Business failure is a topic most people starting small businesses would rather avoid. But the reality is a large portion of small businesses fail for various reasons. In almost every neighborhood, many small businesses come and go in no time at all. No industry is immune to business failure, and I learned many important lessons along the way when I set up my house cleaning company Happy Cleans.
What is the survival rate of small businesses?
Statistically, roughly 20% of new small businesses fail in their first year, 34% in their second year, and only 50% survive at least four years, with 30% making it past their tenth year. Therefore, business failure is real, and it’s one of the biggest hurdles to becoming an entrepreneur. While no one starts a business expecting to fail, many conditions can cause business failure. The good news is, you can put measures in place to increase your odds of running a profitable business when you understand what causes business failure.
This article explores some of the top reasons why small businesses fail and what you can do to avoid them. As a business owner, it’s important to understand why small businesses fail so that you can plan to avoid them.
Poor planning or no business plan
In most cases, small businesses fail because the owners overlook the importance of having an effective business plan before opening their doors. Without a comprehensive and actionable business plan, it’s impossible to define your unique value proposition, your customer base, competitors, and other important aspects of maintaining a sustainable business model. As the popular adage goes, failing to plan is planning to fail. Therefore, a business must have a strategic plan that details a roadmap toward success. A detailed business plan provides a clear roadmap that shows you where you are and the path you’ll follow to be where you want to be.
Another mistake that small businesses make is failing to update their business plan to reflect changes in the market. Many things do change along the way, from competitors to customer base and legislation. So it makes sense to review your business plan periodically to ensure it reflects changes in the industry.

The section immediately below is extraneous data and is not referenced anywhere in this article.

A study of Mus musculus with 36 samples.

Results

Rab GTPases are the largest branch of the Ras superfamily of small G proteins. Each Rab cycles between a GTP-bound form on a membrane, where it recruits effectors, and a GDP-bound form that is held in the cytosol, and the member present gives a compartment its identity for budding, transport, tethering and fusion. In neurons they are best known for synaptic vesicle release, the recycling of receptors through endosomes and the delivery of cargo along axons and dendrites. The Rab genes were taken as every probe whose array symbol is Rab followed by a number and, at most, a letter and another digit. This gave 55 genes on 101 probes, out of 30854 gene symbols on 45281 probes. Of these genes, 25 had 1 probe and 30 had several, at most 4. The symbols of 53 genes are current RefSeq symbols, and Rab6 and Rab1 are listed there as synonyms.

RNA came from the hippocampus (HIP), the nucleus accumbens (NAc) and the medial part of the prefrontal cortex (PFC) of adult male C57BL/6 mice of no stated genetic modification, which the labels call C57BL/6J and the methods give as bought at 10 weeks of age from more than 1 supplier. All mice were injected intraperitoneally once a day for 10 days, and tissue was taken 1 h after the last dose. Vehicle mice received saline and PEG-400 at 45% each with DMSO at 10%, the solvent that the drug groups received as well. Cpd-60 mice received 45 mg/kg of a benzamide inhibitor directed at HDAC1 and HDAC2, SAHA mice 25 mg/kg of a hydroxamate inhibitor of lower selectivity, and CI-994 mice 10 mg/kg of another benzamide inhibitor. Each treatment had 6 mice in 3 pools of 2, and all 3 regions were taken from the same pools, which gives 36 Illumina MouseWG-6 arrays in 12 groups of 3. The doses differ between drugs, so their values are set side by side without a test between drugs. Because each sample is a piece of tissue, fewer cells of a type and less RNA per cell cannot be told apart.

Bad customer service
Every successful entrepreneur will tell you that the customer is the number one priority for any business that wants to succeed. A good number of small businesses fail because of poor customer service. Some of the customer service mistakes that have brought down millions of small businesses include; ignoring customer feedback, selling faulty goods, insulting customers, and compromising customer’s personal privacy, and many more. Bad customer service damages a business’s reputation and lowers conversion rate and customer lifetime value drops.
The good news is that small businesses can correct poor customer service and reverse any damaging effects that may have occurred. Some practical ways to ensure good customer service are hiring qualified customer service representatives, monitoring customer’s feedback to determine their pain points, and embracing full disclosure.
Cash flow problems
Some small businesses are outcompeted because they treat cash flow as an afterthought. In fact, 29% of small businesses fail because they run out of cash. As a rule of thumb, a business should maintain positive cash flow to avoid a crisis. Having a negative cash flow is a warning sign that you are running out of cash.
The following are some of the things that lead to cash flow problems:
- Low-profit margins
- High overhead costs
- Spending too much on startup costs
- Not keeping track of expenses
- Collecting receivables too slowly
Ways to fix cash flow problems for your business:
- Create a startup budget to avoid overspending when starting off
- Increase your prices, but find ways to offer more value
- Reduce the cost of payroll
Statistics indicate that 23% of small businesses fail because they don’t have the right team from the top management to employees. In most cases, new business owners lack business management expertise in various areas such as accounting, inventory management, sales, hiring, and employee management. Therefore, business owners should educate themselves on the skills they lack through mentorship or enrolling in leadership classes. Another remedy to this problem is to hire skilled employees who believe in your mission and outsourcing some tasks to professionals. A new business requires a strong management team that can make the right decisions. Of course, skilled teams cost a lot in salaries so you need to be careful not to overextend yourself.
Not measuring return on investment on marketing
Some new business owners set themselves up for failure by overspending on marketing. It’s important to determine whether the cost of marketing is helping or hurting your business. Your marketing efforts should bring in more revenue than the amount you are spending on marketing campaigns. Otherwise, you’ll be reducing your profits. Closely watch where you are burning money as the longer this goes on, the more chance you have of your business failing. Online marketing channels such as PPC can be unprofitable if not set up properly, or flyers can have a meager return on investment or even a negative one.
Inadequate cash reserves
Around 29% of small businesses fail because they run out of cash to meet their expenses and grow their businesses. Most new businesses don’t make profits during their first year in business. Some even take two years to break even. Therefore, businesses without adequate cash reserves are forced to close when they can’t keep up with business expenses and other emergencies. This can even happen if a business is growing as it is impossible to move forward without the necessary finances. Ideally, you are supposed to have enough cash to meet your expenses through the first six months or so before the business starts to reduce losses at least, and if you’re very lucky turn a profit.